Anti-Valentine’s Day movies

As most of us are locked down (note: it’s a pandemic), Valentine’s Day seems somewhat hollow. A good way to fight back against all the romance and declarations of love out there is with movies. But the opposite of romance, if you can find it. Think of them as palate cleansers. As a rule of thumb, when searching for anti-romance, I look for ’90s erotic thrillers and dark comedies.

The kind of movies that tend to end badly, at least romantically, but the ride is wild and cathartic.

Bad Influence (1990)

Wimpy guy (James Spader) is saved from a fight one night by a handsome stranger (Rob Lowe) who soon becomes a – wait for it – bad influence on him. Directed by the late, great Curtis Hanson, it’s a little like a precursor to Fight Club, yet more homoerotic. It was also written by David Keopp, who also wrote the next movie in this list, as well as Jurassic Park, War Of The Worlds, Mission Impossible and countless other great movies.

Death Becomes Her (1992)

Plastic surgeon Ernest (Bruce Willis, in one of his best performances) goes slowly mad trying to please two women: his wife (Meryl Streep) and ex (Goldie Hawn). Trouble is, they’ve both become immortal, with unwanted side effects.

Pump Up The Volume (1990)

In this coming-of-age drama lonely student Mark (Christian Slater) starts a pirate radio station to talk about what’s wrong with society – and also cock rings. Another student, Nora (Samantha Mathis) figures out his identity and things being to unravel.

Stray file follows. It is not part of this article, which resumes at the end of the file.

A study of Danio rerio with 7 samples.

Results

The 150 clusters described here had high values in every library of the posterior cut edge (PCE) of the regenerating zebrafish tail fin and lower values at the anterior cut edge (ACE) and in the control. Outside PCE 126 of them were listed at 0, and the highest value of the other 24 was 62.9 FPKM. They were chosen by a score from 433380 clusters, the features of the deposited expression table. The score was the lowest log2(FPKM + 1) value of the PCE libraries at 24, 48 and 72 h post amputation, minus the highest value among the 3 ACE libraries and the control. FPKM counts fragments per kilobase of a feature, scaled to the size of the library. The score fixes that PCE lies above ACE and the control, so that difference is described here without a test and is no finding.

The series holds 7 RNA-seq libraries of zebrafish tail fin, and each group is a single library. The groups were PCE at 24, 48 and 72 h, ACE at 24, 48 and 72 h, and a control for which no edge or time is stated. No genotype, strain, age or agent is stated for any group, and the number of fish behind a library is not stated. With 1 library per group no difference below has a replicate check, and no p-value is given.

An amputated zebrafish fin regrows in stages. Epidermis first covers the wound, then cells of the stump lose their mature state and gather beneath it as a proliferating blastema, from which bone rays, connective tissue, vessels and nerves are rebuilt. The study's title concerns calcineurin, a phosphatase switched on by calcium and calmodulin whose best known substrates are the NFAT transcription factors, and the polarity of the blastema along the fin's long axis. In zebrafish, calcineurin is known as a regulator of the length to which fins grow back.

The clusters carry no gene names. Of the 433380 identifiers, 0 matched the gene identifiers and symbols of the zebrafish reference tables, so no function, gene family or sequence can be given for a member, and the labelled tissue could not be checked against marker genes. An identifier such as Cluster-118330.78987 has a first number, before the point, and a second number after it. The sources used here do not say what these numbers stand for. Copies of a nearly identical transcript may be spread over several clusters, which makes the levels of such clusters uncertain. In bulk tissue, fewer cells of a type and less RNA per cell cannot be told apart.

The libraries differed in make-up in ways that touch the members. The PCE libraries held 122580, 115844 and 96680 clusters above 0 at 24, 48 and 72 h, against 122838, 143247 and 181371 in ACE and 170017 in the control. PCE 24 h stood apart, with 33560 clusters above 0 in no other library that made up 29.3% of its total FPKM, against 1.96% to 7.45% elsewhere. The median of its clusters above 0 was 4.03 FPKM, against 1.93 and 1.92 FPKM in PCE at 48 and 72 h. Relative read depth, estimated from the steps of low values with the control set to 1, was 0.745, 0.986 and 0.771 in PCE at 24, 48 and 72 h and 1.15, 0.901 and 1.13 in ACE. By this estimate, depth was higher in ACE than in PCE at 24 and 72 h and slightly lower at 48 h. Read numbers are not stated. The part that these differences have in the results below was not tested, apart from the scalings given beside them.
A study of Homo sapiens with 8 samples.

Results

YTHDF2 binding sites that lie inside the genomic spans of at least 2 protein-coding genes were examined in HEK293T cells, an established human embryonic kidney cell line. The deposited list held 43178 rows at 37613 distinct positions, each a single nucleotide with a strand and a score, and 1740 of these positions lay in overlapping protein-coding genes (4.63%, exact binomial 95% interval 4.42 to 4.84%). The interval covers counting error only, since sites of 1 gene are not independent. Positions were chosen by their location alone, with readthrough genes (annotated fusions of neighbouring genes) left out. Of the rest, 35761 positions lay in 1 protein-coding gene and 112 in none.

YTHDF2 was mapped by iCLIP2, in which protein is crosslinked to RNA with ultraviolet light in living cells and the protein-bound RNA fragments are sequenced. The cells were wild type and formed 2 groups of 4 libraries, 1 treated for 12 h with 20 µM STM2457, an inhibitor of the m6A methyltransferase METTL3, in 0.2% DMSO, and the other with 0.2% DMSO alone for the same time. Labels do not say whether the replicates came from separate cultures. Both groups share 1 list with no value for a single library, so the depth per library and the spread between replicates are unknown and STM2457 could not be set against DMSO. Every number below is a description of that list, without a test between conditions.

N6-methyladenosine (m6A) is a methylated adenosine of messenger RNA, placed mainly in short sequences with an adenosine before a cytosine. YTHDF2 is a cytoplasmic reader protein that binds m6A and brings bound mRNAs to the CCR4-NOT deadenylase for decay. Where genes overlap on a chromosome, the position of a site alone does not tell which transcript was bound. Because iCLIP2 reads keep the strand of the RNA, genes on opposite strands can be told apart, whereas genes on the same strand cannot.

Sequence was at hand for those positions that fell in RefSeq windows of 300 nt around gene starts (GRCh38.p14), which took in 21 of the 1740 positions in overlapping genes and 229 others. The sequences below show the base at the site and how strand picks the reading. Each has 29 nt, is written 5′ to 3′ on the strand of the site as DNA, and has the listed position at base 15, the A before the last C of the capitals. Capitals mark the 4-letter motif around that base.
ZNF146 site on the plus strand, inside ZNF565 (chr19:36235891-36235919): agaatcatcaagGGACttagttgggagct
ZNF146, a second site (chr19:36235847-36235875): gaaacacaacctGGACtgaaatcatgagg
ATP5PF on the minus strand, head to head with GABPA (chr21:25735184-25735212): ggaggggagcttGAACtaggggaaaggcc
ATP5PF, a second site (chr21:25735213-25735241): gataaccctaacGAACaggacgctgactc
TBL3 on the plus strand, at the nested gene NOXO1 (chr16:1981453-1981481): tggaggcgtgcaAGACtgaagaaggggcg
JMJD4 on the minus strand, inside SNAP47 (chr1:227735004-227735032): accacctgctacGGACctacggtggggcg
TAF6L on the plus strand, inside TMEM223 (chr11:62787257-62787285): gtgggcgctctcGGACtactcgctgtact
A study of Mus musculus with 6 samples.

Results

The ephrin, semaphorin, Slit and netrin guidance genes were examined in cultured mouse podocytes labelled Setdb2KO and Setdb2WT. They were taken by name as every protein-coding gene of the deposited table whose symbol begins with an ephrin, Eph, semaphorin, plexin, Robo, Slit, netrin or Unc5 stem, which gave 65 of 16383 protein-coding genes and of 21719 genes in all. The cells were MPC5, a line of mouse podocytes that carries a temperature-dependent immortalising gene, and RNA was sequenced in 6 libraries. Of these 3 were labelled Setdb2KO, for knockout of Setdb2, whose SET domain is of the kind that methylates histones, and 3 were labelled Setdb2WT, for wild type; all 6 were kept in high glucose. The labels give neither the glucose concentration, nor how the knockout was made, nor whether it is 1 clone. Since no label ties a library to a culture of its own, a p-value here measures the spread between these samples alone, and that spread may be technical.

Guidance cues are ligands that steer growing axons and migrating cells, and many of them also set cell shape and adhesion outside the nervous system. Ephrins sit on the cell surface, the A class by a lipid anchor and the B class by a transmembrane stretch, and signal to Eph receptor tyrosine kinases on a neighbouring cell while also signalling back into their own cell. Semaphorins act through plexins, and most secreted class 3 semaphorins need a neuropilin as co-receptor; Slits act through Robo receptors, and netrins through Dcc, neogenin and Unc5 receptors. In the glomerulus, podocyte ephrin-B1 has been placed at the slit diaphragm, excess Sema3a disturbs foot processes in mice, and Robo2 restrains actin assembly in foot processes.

The Rules Of Attraction (2002)

A Bret Easton Ellis story was always going to be dark. One critic described this as American Pie by way of Requiem for a Dream becomes America’s Trainspotting. Come for Dawson’s Creek’s James Van der Beek acting filthy and stay for Ian Somerholder dancing on a bed in his pants to George Michael.

The Cabin In The Woods (2011)

A bunch of sexy twenty-somethings (including Chris Hemsworth in an early role) head to a cabin for the weekend, hoping for some action. And boy do they get it, but not the way they expect.When things kick off they really kick off in this movie. Nothing is quite like the first time you watch it and all hell – literally – breaks loose.

By Mikey P

Freelance editor, writer and podcast creator by day. Spoken word poet and budding screenwriter by night.